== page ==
Part II - Trekking around Ushuaia (Argentina)
Aktualisiert: 5. Feb 2019
A week in Tierra del Fuego
INTO THE WILD
This blog post will explain Day 4 and 5 of our trip in more detail, the part where we left tracks and trails and found a nice way through Valle de Rio Chico.
ITINERARY (15. – 21. January 2018):
Ushuaia – Cañadón and Paso de la Oveja – Lago del Caminante
Lago del Caminate – Cerro Falso Tonelli – Lago del Caminate
Lago del Caminante – Laguna de los Témpanos – Laguna Encantada
Laguna Encantada – Lake at the end of Valle de Rio Chico
Lake at the end of Valle de Rio Chico – Ruta 3 – Valle Carbajal
Valle Carbajal – Refugio – Laguna Esmeralda
Laguna Esmeralda – Glaciar del Albino/Laguna Ojo del Albino – Laguna Turquesa – Ushuaia
HIGHLIGHTS PART II
This hike is well off the beaten track and for most of the way you are more likely to meet beavers than other people. The mountain scenery is fantastic and the view into Valle Carbajal at the end of Day 4 is simply amazing.
Most of the trek has no marked or visible trails. You, thus, need to have good orientation skills in pathless terrain. You should be comfortable walking through dense forest without paths. Do not get frustrated by all the detours because of the fallen trees. :)
Laguna Encantada – Paso C.A.U. – Valle de Rio Chico
Our time: 11:30 – 17:30
Day 3 ended up being very long and strenuous and from 3 am in the night a storm kept us awake for a while, so we spontaneously decided to have a sleep in on day 4. Finally, we started as late as 11:30 (!), but luckily summer days in Tierra del Fuego are not too hot and also very long. Especially after spending so much time in Nepal before (sunlight from 6 am to 6 pm), having daylight from 5 am to 11 pm was very special to us.
Route finding makes this day adventurous and fun, but exhausting. The way up from Laguna Encantada to Paso C.A.U is steep but easy to find. The challenge starts after the pass when you arrive at a forest. Our tip for you is to start at the left side because the forest is less dense and obstructed there, especially when compared to the area on the right side next to the stream. Although we did not exactly follow this route, this log on wikiloc inspired us to cross the C.A.U.
You’ll find a way through the forest, but for me, it was the day I realized that the branches of trees can really reach out for you. Before our hike, I thought it’s just a metaphorical saying in fairy tales. :)
When we arrived at the valley bottom we encountered two beavers and you really need to be blind not to notice their territory. Obviously, they are not only the cute animals we know from comic books and TV commercials, they can be a real threat to the environment as you will see everywhere in this area.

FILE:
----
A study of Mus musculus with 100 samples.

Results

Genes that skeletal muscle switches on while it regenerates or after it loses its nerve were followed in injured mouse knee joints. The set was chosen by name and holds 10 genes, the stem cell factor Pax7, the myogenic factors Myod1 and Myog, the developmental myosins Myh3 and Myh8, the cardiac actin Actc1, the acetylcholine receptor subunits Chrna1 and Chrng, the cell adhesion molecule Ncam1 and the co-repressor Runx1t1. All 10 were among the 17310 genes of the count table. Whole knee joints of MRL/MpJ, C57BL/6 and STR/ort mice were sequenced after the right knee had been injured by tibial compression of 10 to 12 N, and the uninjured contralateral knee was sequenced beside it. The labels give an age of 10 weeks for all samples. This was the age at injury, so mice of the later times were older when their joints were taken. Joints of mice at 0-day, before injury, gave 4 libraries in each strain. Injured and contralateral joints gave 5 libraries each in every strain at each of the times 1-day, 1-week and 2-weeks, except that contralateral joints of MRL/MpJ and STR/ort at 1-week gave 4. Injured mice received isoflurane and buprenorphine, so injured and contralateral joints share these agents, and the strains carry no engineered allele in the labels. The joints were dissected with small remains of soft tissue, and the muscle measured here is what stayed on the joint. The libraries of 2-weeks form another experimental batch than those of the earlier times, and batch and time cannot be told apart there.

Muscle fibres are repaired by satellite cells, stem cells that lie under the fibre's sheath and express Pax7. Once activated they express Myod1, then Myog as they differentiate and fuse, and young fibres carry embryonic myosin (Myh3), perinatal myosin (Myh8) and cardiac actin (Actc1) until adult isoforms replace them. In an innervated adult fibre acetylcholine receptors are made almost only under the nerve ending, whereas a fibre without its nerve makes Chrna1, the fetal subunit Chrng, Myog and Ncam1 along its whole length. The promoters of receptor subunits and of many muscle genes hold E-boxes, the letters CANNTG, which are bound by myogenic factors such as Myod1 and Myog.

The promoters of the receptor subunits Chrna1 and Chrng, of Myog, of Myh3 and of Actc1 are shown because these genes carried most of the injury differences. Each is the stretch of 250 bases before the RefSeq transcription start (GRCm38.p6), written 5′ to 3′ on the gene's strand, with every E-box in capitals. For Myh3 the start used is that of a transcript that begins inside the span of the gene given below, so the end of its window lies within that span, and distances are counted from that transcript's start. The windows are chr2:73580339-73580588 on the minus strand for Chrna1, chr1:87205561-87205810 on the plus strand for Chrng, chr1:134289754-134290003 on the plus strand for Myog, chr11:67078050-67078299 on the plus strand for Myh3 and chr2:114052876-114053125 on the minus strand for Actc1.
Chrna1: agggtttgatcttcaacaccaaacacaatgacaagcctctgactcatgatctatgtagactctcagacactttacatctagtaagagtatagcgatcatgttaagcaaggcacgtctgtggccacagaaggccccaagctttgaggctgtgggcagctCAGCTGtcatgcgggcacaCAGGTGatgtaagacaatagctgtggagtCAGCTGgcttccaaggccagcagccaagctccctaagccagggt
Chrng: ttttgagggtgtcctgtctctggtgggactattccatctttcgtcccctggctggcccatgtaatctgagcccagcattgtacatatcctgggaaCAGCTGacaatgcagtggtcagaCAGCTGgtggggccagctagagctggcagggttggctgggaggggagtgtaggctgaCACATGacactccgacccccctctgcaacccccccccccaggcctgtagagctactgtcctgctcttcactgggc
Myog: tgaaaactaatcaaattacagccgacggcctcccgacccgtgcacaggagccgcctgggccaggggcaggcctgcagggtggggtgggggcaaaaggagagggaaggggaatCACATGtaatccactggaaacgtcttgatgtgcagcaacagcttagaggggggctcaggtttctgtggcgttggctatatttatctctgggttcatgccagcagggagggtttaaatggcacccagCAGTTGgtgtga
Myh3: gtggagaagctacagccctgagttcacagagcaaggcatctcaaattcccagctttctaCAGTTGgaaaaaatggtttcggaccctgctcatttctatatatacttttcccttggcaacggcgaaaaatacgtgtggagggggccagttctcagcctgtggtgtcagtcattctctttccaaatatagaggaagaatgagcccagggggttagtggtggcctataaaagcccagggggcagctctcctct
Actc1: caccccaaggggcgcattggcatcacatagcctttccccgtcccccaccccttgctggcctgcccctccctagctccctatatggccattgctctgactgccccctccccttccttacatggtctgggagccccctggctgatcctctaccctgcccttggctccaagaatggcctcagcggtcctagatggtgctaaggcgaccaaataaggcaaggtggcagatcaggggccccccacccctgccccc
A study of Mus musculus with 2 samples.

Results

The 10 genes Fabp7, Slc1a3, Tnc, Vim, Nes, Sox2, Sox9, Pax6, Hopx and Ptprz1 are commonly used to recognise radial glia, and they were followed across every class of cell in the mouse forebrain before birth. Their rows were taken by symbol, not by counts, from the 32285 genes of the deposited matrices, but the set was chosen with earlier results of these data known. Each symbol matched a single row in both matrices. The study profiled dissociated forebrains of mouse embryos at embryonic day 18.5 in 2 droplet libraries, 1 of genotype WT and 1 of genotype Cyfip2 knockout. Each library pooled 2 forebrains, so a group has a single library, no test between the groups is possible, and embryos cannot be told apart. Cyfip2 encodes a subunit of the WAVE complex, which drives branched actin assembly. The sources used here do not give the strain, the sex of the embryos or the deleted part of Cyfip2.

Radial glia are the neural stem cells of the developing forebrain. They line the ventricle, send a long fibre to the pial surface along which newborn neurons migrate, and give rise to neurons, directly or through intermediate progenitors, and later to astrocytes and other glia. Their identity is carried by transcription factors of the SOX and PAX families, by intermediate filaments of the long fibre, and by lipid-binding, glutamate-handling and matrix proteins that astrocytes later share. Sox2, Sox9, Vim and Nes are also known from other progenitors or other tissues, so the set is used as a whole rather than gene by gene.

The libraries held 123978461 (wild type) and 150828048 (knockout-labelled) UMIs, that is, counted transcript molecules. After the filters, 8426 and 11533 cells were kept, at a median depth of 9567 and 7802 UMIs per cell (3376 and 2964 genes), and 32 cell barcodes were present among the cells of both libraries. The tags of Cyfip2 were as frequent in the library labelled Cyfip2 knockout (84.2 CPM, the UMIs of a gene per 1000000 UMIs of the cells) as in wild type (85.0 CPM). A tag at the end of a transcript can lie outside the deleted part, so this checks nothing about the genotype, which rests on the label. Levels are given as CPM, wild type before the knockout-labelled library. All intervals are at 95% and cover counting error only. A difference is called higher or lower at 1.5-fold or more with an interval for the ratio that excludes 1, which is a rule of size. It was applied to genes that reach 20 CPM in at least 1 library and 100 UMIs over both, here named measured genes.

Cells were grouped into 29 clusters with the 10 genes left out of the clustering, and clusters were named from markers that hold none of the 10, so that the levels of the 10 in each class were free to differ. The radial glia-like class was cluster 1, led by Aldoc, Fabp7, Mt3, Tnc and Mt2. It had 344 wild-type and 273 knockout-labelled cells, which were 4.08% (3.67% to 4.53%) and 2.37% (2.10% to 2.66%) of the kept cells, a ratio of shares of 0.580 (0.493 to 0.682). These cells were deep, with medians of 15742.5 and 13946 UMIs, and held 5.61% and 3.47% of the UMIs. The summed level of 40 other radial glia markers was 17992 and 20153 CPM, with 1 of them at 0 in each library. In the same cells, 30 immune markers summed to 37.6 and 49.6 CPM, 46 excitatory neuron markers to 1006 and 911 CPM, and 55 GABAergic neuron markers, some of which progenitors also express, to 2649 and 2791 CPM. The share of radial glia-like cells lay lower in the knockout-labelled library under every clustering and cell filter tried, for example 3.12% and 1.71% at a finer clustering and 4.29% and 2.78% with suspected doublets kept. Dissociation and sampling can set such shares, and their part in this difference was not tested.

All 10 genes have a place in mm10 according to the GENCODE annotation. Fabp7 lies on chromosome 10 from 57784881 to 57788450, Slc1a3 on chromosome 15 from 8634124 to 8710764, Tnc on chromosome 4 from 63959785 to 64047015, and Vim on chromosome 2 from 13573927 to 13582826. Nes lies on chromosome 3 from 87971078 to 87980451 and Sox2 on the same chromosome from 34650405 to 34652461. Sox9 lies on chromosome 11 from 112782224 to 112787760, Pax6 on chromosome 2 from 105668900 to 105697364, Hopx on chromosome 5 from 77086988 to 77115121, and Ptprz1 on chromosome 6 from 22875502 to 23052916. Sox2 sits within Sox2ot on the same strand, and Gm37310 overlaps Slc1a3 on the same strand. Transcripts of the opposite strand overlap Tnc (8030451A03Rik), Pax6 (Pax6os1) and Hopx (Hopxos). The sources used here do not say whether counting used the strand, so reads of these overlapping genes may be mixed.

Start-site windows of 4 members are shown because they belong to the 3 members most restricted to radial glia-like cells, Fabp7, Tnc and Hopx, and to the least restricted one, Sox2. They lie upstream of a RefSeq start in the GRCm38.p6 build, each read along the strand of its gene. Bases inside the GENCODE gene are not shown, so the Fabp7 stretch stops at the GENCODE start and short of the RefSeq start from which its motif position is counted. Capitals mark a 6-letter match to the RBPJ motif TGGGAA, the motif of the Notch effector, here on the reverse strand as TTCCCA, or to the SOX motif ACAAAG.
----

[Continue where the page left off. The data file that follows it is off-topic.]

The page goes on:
Instead of exiting the valley towards the south, we decided to go up the valley to see, if we could cross the pass into Valle Carbajal. However, the way down on the other side is very steep and has several rock faces. Lukas went searching for a safe way down for about an hour without finding one. Eventually, we decided to spend the night at the beautiful lake at the end of the valley - with a view of the Beagle Canal again and a truly breathtaking view over Valle Carbajal.
Valle de Rio Chico – Valle Carbajal
Our time: 10:15 – 19:15 (including 2h break)
It’s not that far, but because wayfinding and walking through bush- and forest-land is not always easy, it took us around 4,5h to go down (without breaks). Beautiful, but strenuous. And we discovered again how easy everything is once there is a proper path again. :)
While heading down, we walked on the left side of the river. Later, we discovered that from some point on there is a real trail on the other side. However, we don’t know how far it leads up into the valley.
At the end of the valley, in front of Cerro Cortez, the way forks. The right junction leads back to Ushuaia. Taking the left turn brings you to Ruta 3 and Camping de la Turbera (nice but no facilities as we believe).
From the camping the “fence-climbing part” began. Arriving at Ruta 3 we walked upstream through the camping area left of the river (parallel to the road) until Valle Carbajal opens up to your left. Even though there were signs of a real hiking trail we had to (illegally?) climb some fences and walk through a ranch. If you feel more comfortable with that you can stay at the campsite. We decided to pass a large peat cutting site and camp at the beginning of Valle Carbajal. A truly beautiful place with only a little noise from the nearby street.
After long discussions, we decided to continue to Laguna Esmeralda and Laguna Turquesa, but you can surely add a few magnificent days walking up Valle Carbajal.